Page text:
Forbidden Ano Nuevo: The Ins and Outs

Email John Vonderlin ([email protected])
Email Russell Towle ([email protected])

John Vonderlin (JV) The attached file is a Google Earth photo of Ano Nuevo Island showing the water cachment next to the Fog Whistle building. I assume the sloped larger light area surrounding the circular depression was part of the catchment.

Russell Towle (RT)
Wow, great image. Yes that’s the catchment and the cistern is below
ground. They might have used a wind pump for all I know.

You can even see seals on the beaches. I had forgotten all about the
cement walls surrounding the area, like breakwaters as it were. One
could lean on the walls and look out to sea. They show up clearly in
the photo.

I wonder to what extent the Indians hunted the seals of all types. The
roughness of the coastal terrain militates against heavy human
populations, yet, one wonders. There could have been seasonal visits
to such areas, rich in seals, by tribes, clans, across the mountains
in the Santa Clara Valley. Here the Maidu would wander up into the
high Sierra in the summer, where they shared the high country with the
similarly-wandering Washoe from east of the crest.

Taking my best guess I can imagine small year-around villages along
that part of the coast, and seasonal visits by interior tribes which
might swell hunting camps as at Año Nuevo to a transient population of
a hundred or two hundred.

Here in this part of the Sierra there is cryptic evidence of an older,
pre-historic, pre-Maidu population, some 1500 to 4000 years ago, who
used atlatls, spear-throwers, and made elaborate petroglyphs.
Pre-bow-and-arrow Indians. Their spear points would be mistaken for
arrowheads by most people. An atlatl ought to work well on a seal,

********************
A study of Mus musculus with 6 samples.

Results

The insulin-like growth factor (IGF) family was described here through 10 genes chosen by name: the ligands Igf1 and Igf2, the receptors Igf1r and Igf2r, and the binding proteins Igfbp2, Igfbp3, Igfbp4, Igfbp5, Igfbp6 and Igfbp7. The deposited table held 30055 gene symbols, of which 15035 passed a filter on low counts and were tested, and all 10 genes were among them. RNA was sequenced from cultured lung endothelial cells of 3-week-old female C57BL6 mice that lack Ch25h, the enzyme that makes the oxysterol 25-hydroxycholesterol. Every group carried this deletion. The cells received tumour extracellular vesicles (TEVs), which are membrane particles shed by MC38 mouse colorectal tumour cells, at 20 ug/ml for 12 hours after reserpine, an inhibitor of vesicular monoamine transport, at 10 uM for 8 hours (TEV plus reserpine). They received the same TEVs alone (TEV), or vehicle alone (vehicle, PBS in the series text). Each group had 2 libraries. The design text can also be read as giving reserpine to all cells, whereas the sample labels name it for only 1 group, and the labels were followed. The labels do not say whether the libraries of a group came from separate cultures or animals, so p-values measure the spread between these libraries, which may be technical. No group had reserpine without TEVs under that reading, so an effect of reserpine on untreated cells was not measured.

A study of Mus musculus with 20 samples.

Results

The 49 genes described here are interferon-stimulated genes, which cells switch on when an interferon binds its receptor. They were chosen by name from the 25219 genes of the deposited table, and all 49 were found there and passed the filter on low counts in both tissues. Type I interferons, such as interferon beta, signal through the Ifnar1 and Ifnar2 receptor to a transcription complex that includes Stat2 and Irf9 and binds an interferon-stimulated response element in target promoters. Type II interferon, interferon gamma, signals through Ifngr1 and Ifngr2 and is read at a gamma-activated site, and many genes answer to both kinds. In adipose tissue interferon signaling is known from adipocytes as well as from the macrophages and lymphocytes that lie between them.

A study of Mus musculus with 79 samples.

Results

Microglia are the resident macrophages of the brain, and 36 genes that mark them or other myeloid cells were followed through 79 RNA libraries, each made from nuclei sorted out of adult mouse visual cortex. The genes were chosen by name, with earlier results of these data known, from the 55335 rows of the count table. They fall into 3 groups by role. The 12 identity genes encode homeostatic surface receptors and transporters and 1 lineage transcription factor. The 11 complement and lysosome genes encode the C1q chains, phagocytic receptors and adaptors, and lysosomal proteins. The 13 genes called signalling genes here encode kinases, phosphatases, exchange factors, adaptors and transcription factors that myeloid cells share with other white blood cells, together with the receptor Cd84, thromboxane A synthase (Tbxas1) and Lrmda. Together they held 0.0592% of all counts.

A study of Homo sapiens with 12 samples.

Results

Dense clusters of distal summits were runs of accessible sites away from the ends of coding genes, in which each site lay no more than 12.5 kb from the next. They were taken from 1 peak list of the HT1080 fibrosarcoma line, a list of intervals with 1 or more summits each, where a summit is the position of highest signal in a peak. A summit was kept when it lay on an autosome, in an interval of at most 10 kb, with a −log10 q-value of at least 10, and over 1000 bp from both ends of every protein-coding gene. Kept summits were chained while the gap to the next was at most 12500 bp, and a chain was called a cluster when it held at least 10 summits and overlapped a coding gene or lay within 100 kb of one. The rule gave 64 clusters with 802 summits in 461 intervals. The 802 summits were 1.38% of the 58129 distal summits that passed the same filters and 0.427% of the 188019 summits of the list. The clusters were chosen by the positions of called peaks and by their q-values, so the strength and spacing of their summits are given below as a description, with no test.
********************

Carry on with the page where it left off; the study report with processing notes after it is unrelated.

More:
even an elephant seal. Probably the main difficulty is that a
mortally-wounded seal would tend to escape into the ocean while dying.

Of course farther north the CA Indians went out to sea after whales in
huge dugout canoes. Unfortunately our records of the Costanoans are if
anything sparser than most.

You will know that during the last major ice advance, ending 12,000
years ago, sea level was much much lower than now. Hence much in the
wya of the oldest artifacts are out there beneath the waves and
beyond. I do recall that some abalone divers found a pair of matched
stone pestles in the reefs between the Point and the Island, back
around 1970. But here we may be talking more in the way of rapid
retreat of the coastline than rising sea level. The rise to present
levels was complete by 8,000 years ago at the least. One should think
of the unstable and rapidly-eroding coast as being still in a phase of
adjustment to the higher sea levels, that is, still in a
yet-more-rapidly-eroding phase.

All this of course complicated by the various motions along the faults
in the area, which are not just right-lateral or lateral
displacements, but always show some component of vertical displacement
as well. The many “fossil” marine terraces standing well above seal
level all along the coast are not relics of a previous higher sea
level, they are artifacts of tectonic uplift, wildly unequal and
lacking uniformity. All Año Nuevo Point is one such uplifted marine
terrace. The terraces are wave-cut, were formed below sea level. The
terrace at Davenport is likewise a marine terrace uplifted by tectonic

You could hardly find a more complicated geology, than is presented by
the Santa Cruz Mountains.

There are Indian caves in a cliff-walled canyon down towards Santa
Cruz, south of Davenport; I used to explore them; they had been dug at
least cursorily by UC Santa Cruz archeologists, I believe. They are
interesting because they demonstrate just how marginal a cave (so far
as size, ease of access, and other factors of convenience and comfort)
can be, and still have been put to use.